Always warm up prior to working out and stretch your muscles. Warming up will increase your core temperature and force more blood therefore oxygen around your body to your extremities.
Continue to stretch during your workout. Why? Because as you lift weights your muscle fibres tighten and shorten. Stretching your muscles increases the ability to build bigger muscles and more impressive physique. Stretching also keeps your body flexible and helps release acid build up during training.
Isolate your muscles when working out. Having steady controlled movements are key to learning and understanding what it is to work a specific muscle or muscle group. Being able to isolate your muscles ad groups during training will increase your results. Similarly to isolating your muscles, you should try and keep “good form” when working out. You should pay close attention to form; this will help you achieve maximum benefits with minimum risk of injury. You should always avoid short, sharp jerky movements and using momentum to lift heavier weights. This will not help you get bigger, or stronger any faster.
Train your muscles fatigues. If you want to get the best results then it goes without saying that you need to get the maximum possible from your muscles. Many people (or rather most people) approach a workout out with “I need to do 3 sets of 10 reps”. By doing this you’ll never reach your potential. You should stay within a certain range or repetitions, because if you can just keep going then you really should consider upping your weight. When working out you should also lift a weight until you physically can’t any more. Rest, then approach the exercise again. You’ll soon reap the benefits!
Break up your training. If you haven’t attempted weight training before or have had a significant break between your training it’s not recommended to start training at maximum intensity straight away. Doing this can cause incredible muscle soreness (much more than just DOMS ‘delayed onset muscle soreness’) from which you may never fully recover. It’s best to start slowly and build up progressively, you’ll soon be at a point where you’re pushing yourself in training and your muscles will have adapted correctly so you’ve reduced the potential for risk.
Make sure to train each muscle group once a week. With the exception of your abs, high intensity training on one body part more than once a week can be seen as over training as you need to give each muscle group the chance to recover correctly after training before ripping the muscle fibres again. Continually training one muscle group over and over again can lead to injury. If you’re looking for maximum gains in strength, power and muscle mass growth, concentrate your high intensity training on a lower number of weights but a much heavier weight (remember to keep good form). 3 or 4 reps of again 3 or 4 exercises is optimal for good results.
Your training program should be designed to match or benefit your needs, there’s no point concentrating on your biceps or chest if you’re training for a squat competition or are sprinter. Most successful athletes use training cycles and supplement cycles according to the event or competition they’re training for. Even if you’re not training for anything in particular, it’s always a good idea to introduce cycles into your training, its shows different results and keeps you fresh.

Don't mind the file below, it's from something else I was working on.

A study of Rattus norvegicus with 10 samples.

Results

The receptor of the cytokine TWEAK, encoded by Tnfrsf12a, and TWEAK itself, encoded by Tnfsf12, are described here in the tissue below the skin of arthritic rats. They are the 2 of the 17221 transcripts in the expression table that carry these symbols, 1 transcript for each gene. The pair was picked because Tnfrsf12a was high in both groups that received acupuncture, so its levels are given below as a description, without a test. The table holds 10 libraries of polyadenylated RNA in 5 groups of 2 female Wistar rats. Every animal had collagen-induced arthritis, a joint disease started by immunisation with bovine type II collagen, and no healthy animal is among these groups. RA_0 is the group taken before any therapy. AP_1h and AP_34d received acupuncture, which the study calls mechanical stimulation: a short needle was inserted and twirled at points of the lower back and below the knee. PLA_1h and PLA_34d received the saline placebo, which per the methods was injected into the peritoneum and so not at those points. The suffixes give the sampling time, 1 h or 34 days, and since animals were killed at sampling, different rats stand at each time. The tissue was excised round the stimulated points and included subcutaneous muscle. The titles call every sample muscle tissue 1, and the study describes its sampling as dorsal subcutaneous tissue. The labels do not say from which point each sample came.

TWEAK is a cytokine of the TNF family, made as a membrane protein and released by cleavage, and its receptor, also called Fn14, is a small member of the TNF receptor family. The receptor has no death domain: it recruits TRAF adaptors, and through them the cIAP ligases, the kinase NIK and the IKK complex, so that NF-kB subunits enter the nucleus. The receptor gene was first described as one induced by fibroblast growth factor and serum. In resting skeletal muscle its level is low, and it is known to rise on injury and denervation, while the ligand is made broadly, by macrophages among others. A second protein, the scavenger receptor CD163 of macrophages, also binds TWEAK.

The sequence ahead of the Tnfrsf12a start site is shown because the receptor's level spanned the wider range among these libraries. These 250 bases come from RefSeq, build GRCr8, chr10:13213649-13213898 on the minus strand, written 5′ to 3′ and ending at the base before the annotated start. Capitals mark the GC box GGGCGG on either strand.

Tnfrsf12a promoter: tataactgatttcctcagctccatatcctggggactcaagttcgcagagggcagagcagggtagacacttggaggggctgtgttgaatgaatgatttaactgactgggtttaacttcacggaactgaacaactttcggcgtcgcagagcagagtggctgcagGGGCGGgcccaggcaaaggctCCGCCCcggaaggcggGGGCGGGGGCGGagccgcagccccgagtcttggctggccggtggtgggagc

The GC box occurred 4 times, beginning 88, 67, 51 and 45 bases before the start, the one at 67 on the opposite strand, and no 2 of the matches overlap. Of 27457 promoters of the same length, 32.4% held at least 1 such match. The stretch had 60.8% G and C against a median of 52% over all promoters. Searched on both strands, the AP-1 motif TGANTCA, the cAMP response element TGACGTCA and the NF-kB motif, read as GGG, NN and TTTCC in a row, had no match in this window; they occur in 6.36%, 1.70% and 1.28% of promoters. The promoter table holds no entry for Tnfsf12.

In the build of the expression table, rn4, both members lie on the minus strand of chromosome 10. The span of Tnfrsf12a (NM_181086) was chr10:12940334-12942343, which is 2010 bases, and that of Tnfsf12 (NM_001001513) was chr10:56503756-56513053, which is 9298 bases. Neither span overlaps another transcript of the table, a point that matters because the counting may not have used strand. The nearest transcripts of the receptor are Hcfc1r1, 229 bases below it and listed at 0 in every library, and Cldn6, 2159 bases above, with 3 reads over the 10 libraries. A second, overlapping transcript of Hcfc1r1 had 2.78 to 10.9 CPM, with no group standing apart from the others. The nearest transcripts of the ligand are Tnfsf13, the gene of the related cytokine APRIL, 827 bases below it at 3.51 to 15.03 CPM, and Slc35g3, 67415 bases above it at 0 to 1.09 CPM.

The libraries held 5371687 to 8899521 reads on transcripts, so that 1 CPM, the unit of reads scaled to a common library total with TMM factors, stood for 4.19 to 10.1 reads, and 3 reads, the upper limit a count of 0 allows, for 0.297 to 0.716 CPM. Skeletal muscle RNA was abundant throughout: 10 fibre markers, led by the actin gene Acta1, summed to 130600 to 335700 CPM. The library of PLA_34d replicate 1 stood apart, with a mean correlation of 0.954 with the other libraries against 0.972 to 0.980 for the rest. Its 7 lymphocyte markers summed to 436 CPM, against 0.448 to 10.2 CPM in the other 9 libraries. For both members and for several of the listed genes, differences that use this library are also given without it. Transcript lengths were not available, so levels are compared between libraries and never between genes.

To maximise your results and your body’s response you need to introduce new challenges and again, stay fresh. Even the best designed workout plan can lose its effectiveness over time, so mix it up a little. Your body believe it or not is a very smart tool and it will learn how you train, so add new challenges to “surprise” your muscles and force them to react. It’s good to do this every two or three weeks so you don’t plateau.
Over training is something that we can all fall foul of but you need to listen to your body, continually pushing when you’re not fully recovered will only hurt you further. After bad form, over training can be the most common mistake made in the gym. If you’re constantly tired, losing enthusiasm for your workouts or have noticed the results and gains are slowing down, then it’s time to take a break. There’s nothing wrong with having a break or a rest day, in fact you’re probably notice how effect it can be. It’s recommended to take a break of 3-4 days every 2-3 months. You’ll be re-energised and motivated to increase your training intensity again.
Be patient! The odd saying of “Rome wasn’t built in day” couldn’t resonate more here. You won’t get the results you want straight away so be patient and you will progress. Continue to pan your workouts, mix it up from time to time and introduce cycles. Also remember that your body is unique and no two physiques are the same so there’s no point measuring yourself against someone else. Use your own results as motivation to progress further. Most important tip of all….you have to enjoy it!